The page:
Quote Of The Year

Timeless Quotes - Sadly The Late Paul Shetler - "Its not Your Health Record it's a Government Record Of Your Health Information"


H. L. Mencken - "For every complex problem there is an answer that is clear, simple, and wrong."

Thursday, May 17, 2012

ABC Radio National Covers The Roll Out Of the NEHRS (PCEHR) and The Report Is Pretty Sceptical.

The following segment was heard on The World Today at around lunchtime.
12:18:00 17/05/2012
The Australian Medical Association says 'all singing, all dancing' patient controlled electronic health records won't be available, when the new system starts in July. The AMA's president Dr Steve Hambleton says he suspects most practices don't have the right software to use the system. The Government says it's already paid millions to help doctors upgrade their systems
 You can download the audio for the story from this link.
As always there will be a transcript available - probably by the time you read this.
This report seems to follow up on a couple of speeches at a conference made by the Health Minister and the AMA President. Here is a report of what went on.

E-health rollout likely to be slow: Labor

  • From: AAP
  • May 16, 2012 5:17PM
FEDERAL Health Minister Tanya Plibersek has admitted the take up of electronic health records will likely be slow in the first few years.
People can register to have an e-health record from July, however, doctors have long argued the opt-in system could prove problematic.
"There are only so many times doctors are going to stop and look to see if their patient has opted in and given them access to their personally-controlled electronic health record (PCEHR)," Australian Medica Association (AMA) president Steve Hambleton said.
"If doctors were to find most of their patients had a PCEHR they would be more likely to keep using the system."
Dr Hambleton and Ms Plibersek both addressed a Committee for Economic Development of Australia (CEDA) health forum in Melbourne.
The minister used her speech to spruik the benefits of e-health, including a reduction in medication mix-ups and less duplication of clinical tests.
But Ms Plibersek said while the digital "foundations" would be ready by July 1 the e-health journey wouldn't be completed overnight.
"It's not just a matter of flicking a switch and away you go," she told the forum.
"We've always said the rollout of the national e-health system would be in gradual, carefully managed phases."
More here:
There is really nothing new in all this - rather we have final confirmation that come June 30 what we will actually have is a PCLES (Personally Controlled Largely Empty Shell)  and that the AMA is still of the view that the approach being adopted won’t do much for years - if ever.
It is worth noting that as far as foundations are concerned it is by no means clear they are finished either. Who I ask has obtained their NASH certificate and token to facilitate access to the system and who has received software from their provider to access the system?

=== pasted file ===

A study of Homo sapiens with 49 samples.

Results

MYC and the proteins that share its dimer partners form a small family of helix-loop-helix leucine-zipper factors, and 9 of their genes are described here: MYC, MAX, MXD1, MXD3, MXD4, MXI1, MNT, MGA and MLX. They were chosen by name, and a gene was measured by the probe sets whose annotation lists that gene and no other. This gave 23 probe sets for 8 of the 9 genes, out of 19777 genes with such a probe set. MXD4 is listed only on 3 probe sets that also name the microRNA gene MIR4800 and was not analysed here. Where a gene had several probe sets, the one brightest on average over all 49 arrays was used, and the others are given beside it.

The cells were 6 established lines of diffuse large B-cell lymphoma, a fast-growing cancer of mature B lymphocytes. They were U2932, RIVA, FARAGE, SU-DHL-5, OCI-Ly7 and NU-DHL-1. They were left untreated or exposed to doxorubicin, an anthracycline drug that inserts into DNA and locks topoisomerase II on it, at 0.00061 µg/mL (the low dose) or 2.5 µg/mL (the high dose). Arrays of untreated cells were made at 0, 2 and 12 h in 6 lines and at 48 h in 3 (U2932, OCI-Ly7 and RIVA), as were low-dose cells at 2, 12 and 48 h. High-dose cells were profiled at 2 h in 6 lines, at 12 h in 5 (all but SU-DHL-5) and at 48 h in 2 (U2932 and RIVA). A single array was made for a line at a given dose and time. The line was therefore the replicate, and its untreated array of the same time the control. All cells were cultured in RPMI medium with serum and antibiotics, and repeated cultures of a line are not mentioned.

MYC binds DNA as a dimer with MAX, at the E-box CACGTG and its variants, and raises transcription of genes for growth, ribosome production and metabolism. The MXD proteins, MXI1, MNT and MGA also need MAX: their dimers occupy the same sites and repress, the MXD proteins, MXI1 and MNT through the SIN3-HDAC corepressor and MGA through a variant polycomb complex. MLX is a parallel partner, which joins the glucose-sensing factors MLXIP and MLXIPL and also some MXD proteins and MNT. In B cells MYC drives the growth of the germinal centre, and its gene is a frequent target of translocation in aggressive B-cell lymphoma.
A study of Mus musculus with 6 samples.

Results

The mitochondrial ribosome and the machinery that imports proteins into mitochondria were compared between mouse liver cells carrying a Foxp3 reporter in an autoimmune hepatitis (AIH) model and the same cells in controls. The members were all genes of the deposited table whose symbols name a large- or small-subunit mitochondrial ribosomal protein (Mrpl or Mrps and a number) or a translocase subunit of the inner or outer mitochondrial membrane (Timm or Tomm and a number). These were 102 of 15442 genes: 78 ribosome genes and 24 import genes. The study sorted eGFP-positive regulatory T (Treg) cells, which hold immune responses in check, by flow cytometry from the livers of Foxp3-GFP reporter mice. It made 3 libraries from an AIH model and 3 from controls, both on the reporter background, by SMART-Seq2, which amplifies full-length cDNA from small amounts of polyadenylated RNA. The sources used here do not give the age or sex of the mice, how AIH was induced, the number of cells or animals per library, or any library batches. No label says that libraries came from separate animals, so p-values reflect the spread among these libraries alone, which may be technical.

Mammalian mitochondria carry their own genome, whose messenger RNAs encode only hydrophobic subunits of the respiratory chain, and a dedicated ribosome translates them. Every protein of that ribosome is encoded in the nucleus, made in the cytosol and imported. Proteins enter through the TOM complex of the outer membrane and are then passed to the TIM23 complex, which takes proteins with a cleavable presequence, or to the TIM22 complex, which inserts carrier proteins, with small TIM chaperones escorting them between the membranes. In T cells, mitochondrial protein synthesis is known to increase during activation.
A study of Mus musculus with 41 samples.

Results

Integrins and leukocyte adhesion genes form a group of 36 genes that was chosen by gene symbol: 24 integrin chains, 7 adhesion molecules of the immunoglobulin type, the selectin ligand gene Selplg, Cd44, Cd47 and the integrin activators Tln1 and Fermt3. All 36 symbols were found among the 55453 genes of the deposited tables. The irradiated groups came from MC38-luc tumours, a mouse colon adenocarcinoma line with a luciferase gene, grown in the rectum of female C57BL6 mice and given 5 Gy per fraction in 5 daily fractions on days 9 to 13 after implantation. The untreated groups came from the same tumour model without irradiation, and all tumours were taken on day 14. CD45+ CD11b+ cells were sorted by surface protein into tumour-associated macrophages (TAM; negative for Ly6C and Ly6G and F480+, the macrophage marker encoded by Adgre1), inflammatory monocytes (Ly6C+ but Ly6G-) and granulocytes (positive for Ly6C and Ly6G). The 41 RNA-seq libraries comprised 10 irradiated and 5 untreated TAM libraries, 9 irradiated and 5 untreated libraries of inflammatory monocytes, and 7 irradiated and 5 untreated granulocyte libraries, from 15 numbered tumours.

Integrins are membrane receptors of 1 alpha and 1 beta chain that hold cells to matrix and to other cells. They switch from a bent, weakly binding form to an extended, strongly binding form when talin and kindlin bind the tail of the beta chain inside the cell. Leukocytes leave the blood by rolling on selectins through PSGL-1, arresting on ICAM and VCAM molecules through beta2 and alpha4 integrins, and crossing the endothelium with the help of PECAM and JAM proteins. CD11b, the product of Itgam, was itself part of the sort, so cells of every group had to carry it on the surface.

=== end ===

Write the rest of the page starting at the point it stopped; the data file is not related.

Worse than all this just where is the roll-out plan that covers the period after June 30, 2012? It really is about time this information was public - it should have been months ago.
One really does wonder just why it is taking $476M + $35M up to June 30 to get to such an inconclusive outcome. I am sure the Senate Estimates Process will be seeking answers to just that question in a week or two.


Anonymous said...

Tania Plibersek's political speak when interpreted into the English language means:

… slow takeup in the first few years is because we have nothing working for anyone to use, we are unsure how to engage clinicians to use something that doesn’t work and we know clinicians don’t want to make a fool of themselves by encouraging patients to sign on to the PCEHR because that will be a signal to the patient to change doctors and find one who knows what he is talking about.

… a reduction in medication mix ups is necessary if we are to stop making patients sick and electronic prescriptions can fix that problem but my department tells me there are no systems available although they are working on designing one which could be available in a few years time.

Anonymous said...

.... and our biggest achievement has been all that has only cost 500 million dollars which is why we need to spend another 250 million dollars to give you more of the same.

Anonymous said...

There are some excellent proven medication management systems on Australia - e.g. Medchart

Anonymous said...

and now Victoria has scrapped HealthSmart - another 500 million up in smoke - although to be fair, at least some software was delivered to a few hospitals - I understand mainly PAS to replace very old systems. And now Qld seems to think that they can do something similar with a different result!

Terry Hannan said...

Is this another NFI Syndrome? No Flaming Idea. For anyone interested in how damn difficult this implementation business is readers of this site could go to (and participate) in the Implementers panel discussion on GHDOnline that is occurring at the present time.